Mimicking spiders’ spinning glands could cut cost of synthetic silk
A new method for spinning stronger artificial spider silk has been devised by mimicking the way in which spiders do it.1 This may open a route to producing large amounts of artificial silk that is cheaper and easier to make. Synthetic spider silk is a highly sought after material as it is biodegradable and does not elicit a strong immune response, as well as having potential in high-performance textiles and medical devices.
‘This is the first time anyone has truly mimicked the conditions in the spider silk gland,’ says Jan Johansson, a senior paper author at the Karolinska Institute in Stockholm, Sweden. ‘[Our results] show it is possible to make spider silk the right way, the way spiders do it.’
Spider silk comprises long chains of linked proteins known as spidroins that form fibres thanks to changes in acidity and increased shear forces along the length of the spider spinning duct. The Swedish scientists sought to replicate this process.
Spidroins have two terminal domains – an N- and C-terminal – that have an α-helical structure. They are highly pH responsive and undergo conformation changes as they move down the spider’s spinning duct. Between these two end stoppers is a long region rich in alanine and glycine repeats that provide elasticity.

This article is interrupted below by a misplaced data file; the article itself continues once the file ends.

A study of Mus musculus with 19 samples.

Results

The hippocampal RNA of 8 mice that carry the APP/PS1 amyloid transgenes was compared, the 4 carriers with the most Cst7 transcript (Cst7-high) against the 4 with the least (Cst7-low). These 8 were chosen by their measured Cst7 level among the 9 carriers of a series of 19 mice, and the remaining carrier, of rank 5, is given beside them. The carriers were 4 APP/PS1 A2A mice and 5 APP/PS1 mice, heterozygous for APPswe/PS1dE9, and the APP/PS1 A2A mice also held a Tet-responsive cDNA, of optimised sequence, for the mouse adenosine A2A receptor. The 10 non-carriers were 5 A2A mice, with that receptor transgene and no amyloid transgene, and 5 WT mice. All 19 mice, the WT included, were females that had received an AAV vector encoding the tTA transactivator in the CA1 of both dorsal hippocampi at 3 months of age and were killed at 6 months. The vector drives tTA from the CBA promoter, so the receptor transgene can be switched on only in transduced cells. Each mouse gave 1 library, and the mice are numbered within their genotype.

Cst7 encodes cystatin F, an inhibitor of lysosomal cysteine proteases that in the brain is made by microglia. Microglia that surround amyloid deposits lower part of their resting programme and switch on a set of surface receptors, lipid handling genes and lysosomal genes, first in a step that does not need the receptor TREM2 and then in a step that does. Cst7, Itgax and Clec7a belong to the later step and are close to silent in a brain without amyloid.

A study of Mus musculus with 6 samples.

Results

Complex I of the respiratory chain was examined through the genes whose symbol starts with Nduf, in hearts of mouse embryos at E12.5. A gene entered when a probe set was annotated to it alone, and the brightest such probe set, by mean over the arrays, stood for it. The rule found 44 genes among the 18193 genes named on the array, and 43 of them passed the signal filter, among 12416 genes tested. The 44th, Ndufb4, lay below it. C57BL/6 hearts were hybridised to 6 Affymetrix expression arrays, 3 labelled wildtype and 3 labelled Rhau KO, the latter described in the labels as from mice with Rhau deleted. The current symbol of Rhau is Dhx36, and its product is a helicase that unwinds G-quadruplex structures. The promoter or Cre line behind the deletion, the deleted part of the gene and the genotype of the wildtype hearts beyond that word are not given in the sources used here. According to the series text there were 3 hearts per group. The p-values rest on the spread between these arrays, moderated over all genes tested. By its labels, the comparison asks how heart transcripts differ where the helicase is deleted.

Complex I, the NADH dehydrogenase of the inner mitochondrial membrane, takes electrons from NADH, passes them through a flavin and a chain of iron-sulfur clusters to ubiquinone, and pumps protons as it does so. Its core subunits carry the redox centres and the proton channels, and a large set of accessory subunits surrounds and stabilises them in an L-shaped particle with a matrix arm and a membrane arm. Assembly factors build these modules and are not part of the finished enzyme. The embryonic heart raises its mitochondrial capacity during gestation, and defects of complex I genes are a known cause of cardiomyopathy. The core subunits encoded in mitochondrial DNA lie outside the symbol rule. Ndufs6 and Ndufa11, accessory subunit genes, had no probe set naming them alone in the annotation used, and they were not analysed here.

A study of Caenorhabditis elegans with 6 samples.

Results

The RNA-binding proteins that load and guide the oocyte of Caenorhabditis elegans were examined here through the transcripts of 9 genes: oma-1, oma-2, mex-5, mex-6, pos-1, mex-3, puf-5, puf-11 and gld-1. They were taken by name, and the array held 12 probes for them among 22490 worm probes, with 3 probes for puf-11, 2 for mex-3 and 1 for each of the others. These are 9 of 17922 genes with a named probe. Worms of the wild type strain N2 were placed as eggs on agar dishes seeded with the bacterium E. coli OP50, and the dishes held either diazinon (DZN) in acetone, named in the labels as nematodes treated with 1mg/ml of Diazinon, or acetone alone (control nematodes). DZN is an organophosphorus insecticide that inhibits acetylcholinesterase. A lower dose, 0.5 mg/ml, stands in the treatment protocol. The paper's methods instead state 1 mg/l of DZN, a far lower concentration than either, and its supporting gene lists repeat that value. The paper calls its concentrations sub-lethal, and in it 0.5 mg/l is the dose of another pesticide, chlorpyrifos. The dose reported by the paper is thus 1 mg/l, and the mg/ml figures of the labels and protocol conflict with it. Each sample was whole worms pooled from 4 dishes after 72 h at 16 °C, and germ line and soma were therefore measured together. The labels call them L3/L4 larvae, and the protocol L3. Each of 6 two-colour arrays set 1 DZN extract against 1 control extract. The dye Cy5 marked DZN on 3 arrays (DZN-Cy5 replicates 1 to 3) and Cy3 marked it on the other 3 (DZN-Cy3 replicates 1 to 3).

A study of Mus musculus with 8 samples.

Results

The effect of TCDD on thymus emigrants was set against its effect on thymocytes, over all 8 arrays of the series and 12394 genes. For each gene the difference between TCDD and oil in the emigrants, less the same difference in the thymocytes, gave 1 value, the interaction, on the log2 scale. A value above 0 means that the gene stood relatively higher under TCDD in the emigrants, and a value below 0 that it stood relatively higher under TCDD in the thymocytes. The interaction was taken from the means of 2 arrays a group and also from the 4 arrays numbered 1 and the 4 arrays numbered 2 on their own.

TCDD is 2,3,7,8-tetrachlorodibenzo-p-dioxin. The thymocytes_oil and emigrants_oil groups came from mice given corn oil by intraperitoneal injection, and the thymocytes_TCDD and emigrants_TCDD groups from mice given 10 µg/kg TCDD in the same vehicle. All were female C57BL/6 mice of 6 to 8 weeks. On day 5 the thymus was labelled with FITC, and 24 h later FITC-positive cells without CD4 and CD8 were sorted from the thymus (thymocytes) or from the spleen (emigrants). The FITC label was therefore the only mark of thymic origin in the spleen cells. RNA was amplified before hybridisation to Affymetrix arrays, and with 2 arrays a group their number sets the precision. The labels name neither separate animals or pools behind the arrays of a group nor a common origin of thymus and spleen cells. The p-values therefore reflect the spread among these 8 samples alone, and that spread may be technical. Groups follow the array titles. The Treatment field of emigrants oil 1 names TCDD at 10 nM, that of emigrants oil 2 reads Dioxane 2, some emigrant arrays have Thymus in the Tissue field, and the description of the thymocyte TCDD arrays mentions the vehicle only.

The team made a hybrid silk protein in Escherichia coli that had a highly soluble N-terminal from a nursery web spider and a highly soluble C-terminal from an orb-weaving spider. The spidroin was then loaded into a syringe and pumped though a glass capillary to shear the proteins. The capillary was submerged in a low pH buffer, causing the protein to transform into a solid fibre as it emerged. This mimics the pH change seen in spiders’ spinning glands, which the team previously reported decreases from seven to five.2
‘The end domains are extremely important for spider silk formation and it is very important to keep these proteins in a native form,’ says Anna Rising, senior author at Karolinska. Previous methods used denaturing conditions in order to purify the proteins or keep them at high concentrations, which the authors argue does not yield true silk fibres. They hope to further strengthen the fibres by easing the pH transition in future – the fibres have around one-third the strength of natural silk.
‘This is a step change in terms of spider silk technology and has the advantage of not needing any chemical processing to produce the silk,’ says Neil Thomas, a biological chemist at the University of Nottingham, UK. His group recently mutated specific residues in a spider silk protein to make them chemically reactive and connected antibiotics to them using click chemistry.3 ‘This will be much easier to do with the sort of technology in this paper, partly because it uses E. coli,’ he adds.